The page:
Guide to the Persian Gulf Command - Iran Photo Album
Processed by T. Lewis
Department of Special Collections, Davidson Library© 2007
University of California
Santa Barbara, CA 93106-9010
Date (inclusive): ca. 1942 - 1945
Collection number: Bernath Mss 144
Extent: .2 linear feet (1 half-size document box)
Repository: University of California, Santa Barbara. Library. Department of Special Collections
Santa Barbara, California 93106-9010
Physical location: Del Sur
Language of Material: Collection materials in English
Copyright has not been assigned to the Department of Special Collections, UCSB. All requests for permission to publish or quote from manuscripts must be submitted in writing to the Head of Special Collections. Permission for publication is given on behalf of the Department of Special Collections as the owner of the physical items and is not intended to include or imply permission of the copyright holder, which also must be obtained.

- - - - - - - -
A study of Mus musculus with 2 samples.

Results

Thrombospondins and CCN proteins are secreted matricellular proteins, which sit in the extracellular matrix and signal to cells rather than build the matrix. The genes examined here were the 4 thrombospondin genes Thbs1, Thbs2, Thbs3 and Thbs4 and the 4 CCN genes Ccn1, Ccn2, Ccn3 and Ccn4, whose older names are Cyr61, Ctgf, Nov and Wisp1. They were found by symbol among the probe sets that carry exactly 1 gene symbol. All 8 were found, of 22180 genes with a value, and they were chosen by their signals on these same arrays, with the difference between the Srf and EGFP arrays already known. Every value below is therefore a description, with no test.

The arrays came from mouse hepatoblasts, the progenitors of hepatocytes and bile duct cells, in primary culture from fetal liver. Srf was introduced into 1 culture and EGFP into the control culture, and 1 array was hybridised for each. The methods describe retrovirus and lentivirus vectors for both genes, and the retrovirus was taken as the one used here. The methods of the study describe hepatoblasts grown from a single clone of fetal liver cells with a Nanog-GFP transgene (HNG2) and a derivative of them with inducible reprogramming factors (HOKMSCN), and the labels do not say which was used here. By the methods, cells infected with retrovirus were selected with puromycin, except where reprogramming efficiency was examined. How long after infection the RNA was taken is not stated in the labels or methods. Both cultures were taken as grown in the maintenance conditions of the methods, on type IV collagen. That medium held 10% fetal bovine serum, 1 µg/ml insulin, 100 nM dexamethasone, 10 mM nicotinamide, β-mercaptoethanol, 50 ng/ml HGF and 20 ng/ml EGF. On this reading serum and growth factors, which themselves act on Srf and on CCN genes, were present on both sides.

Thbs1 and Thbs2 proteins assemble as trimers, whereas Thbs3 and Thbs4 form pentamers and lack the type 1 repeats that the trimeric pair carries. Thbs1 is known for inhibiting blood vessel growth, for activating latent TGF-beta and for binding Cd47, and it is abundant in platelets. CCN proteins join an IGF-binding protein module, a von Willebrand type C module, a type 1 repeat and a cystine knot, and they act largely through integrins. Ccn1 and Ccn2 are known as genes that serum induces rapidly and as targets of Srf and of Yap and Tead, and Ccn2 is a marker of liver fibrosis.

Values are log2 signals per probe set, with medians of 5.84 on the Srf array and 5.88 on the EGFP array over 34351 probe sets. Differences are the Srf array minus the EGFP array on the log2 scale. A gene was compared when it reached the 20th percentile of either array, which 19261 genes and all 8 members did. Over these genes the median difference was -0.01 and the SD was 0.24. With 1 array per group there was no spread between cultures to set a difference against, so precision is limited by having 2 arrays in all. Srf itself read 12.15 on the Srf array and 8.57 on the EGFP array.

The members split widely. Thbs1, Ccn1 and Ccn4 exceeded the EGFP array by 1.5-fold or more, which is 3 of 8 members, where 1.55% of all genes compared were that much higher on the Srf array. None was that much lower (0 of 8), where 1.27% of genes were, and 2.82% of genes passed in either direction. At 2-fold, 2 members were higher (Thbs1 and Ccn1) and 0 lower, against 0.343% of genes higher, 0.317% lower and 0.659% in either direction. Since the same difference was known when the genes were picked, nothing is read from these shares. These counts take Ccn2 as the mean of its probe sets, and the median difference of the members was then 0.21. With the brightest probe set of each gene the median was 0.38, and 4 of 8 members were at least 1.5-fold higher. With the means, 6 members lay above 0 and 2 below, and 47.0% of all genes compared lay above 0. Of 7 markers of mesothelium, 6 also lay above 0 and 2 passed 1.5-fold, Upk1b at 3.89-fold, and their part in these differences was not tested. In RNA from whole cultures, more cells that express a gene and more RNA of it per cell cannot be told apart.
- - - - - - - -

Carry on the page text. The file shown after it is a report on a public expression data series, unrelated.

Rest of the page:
Persian Gulf Command - Iran Photo Album. Bernath Mss 144. Department of Special Collections, Davidson Library, University of California, Santa Barbara.
During World War II, the U.S. Army's Persian Gulf Command maintained a supply line through Iran for the benefit of our Soviet allies. The first American troops of the PGC arrived in Iran in December 1942 and quickly took control of the Trans-Iranian Railway, which had been completed only three years earlier. The Persian Gulf Command moved material and supplies from port cities on the gulf through the mountains to Iran's border with the Soviet Union, by train and by truck, until the end of the war in Europe in the spring of 1945.
The album contains photographs of American military personnel, buildings, and equipment; Iranian civilians; the Iranian landscape all along the supply route; and famous mosques in the cities of Teheran, Isfahan, and Qum. Many of the photos are amateur snapshots, while a number were taken by Army service photographers and are credited to Covello, Wilkinson, Campbell, and Mitchell. Some of these have been reproduced elsewhere. The cover of the album features the Persian Gulf Command insignia.